With 15 years of game development under his belt, Wario’s finally back with the ultimate meta project: a compilation of existing work to make some quick cash. I’ve been playing his (and his supporting cast of employees) quick-fire minimal microgames since they opened for business, and after Game & Wario broke away from existing ideas I can say for sure that it’s good to be back in business with this greedy garlic guy.
The WarioWare Gold Demo doesn’t give you a ton of microgames to play, but the way it sections everything off was the perfect delivery to showcase three distinct chapters in the series’ history. The first, Mash, represents the original GBA game and only tasks you with using the A button and D-pad. This is followed by Twist and Touch, modes that use the 3DS gyroscope and touchscreen to evoke WarioWare: Twisted! and WarioWare: Touched!, respectively.
With microgames lifted straight from the sources and a few new ones to keep things varied, those modes alone could’ve been enough to remind me how addicting the formula can be. But it was the final unlocked section, Ultra, that sealed the deal and reaffirmed why I need this game — and need it now.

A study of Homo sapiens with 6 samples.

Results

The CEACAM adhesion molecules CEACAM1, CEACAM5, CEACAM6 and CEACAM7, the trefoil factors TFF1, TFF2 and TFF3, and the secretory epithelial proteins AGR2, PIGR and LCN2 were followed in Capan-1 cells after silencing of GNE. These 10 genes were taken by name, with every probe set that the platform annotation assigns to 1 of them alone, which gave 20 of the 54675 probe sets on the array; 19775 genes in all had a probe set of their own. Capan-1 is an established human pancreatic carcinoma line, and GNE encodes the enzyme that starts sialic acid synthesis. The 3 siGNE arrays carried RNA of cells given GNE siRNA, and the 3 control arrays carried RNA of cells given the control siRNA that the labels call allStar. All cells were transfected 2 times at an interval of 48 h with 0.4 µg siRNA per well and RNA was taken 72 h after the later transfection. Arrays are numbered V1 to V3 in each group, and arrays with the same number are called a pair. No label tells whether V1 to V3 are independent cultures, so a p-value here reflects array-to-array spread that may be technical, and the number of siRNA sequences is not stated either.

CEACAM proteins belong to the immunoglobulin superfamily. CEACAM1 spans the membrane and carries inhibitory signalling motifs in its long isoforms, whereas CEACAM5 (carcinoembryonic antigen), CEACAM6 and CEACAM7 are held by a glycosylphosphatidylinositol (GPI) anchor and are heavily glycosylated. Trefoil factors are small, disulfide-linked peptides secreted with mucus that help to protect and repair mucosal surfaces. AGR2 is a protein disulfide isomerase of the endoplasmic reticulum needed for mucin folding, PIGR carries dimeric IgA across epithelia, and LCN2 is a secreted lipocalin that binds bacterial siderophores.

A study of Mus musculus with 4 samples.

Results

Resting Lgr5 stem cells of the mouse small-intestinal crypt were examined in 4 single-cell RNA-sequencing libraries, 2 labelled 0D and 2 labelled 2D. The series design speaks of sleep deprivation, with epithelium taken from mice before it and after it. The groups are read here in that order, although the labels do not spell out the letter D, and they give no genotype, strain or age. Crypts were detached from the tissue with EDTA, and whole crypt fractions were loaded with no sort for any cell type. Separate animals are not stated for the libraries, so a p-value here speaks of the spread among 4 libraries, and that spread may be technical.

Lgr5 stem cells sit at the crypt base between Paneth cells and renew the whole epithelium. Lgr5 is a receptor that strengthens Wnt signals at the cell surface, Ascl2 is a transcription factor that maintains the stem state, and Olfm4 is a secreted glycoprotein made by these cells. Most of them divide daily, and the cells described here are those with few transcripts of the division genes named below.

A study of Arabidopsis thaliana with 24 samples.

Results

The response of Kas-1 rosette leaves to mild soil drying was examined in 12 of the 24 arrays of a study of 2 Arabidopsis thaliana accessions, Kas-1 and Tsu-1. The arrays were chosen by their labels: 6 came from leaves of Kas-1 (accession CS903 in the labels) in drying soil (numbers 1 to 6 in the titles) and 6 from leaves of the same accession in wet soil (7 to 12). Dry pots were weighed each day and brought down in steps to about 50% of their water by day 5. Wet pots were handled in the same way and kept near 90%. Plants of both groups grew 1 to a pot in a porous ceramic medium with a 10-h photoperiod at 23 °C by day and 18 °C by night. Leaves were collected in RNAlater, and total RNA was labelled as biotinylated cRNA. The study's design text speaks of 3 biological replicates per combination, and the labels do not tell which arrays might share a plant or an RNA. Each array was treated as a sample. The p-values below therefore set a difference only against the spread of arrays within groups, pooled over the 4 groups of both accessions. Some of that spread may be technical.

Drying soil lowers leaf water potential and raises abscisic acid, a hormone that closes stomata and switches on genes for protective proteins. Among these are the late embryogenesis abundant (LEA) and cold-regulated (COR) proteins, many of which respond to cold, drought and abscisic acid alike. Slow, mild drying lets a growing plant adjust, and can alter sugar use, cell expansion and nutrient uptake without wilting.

It’s simple in execution, but by pulling from the entire pool of microgames in the demo Ultra ended up the best part. A quick shout out of Mash, Twist, or Touch before a microgame is just enough to keep you on your toes and know how to control what’s about to happen. By adding one new layer to the more standard “play a few games, have them speed up, then they get harder” dynamic that you’d find in a session of WarioWare, things feel more intense and addictive than ever, and I’m going for higher and higher scores all over again.
It bears mentioning that this is still Wario’s show through and through, and he’s actually speaking this time. With voiced cutscenes in a simple animated style that suits the existing exquisite WarioWare art style, it’s a little surreal in the best way. His unscrupulous personality comes through every time he speaks and I really hope there’s lots of these little vignettes in the retail version, especially with how you’ll be able to record over them with your own voice.
While this was enough to get me onboard with the demo, the full game promises over 300 microgames and plenty more ways to play them. With enough variety in delivery and hopefully a mode where you could have any of those 300 plus games thrown at you while playing, this could end up to be a new 3DS must-have.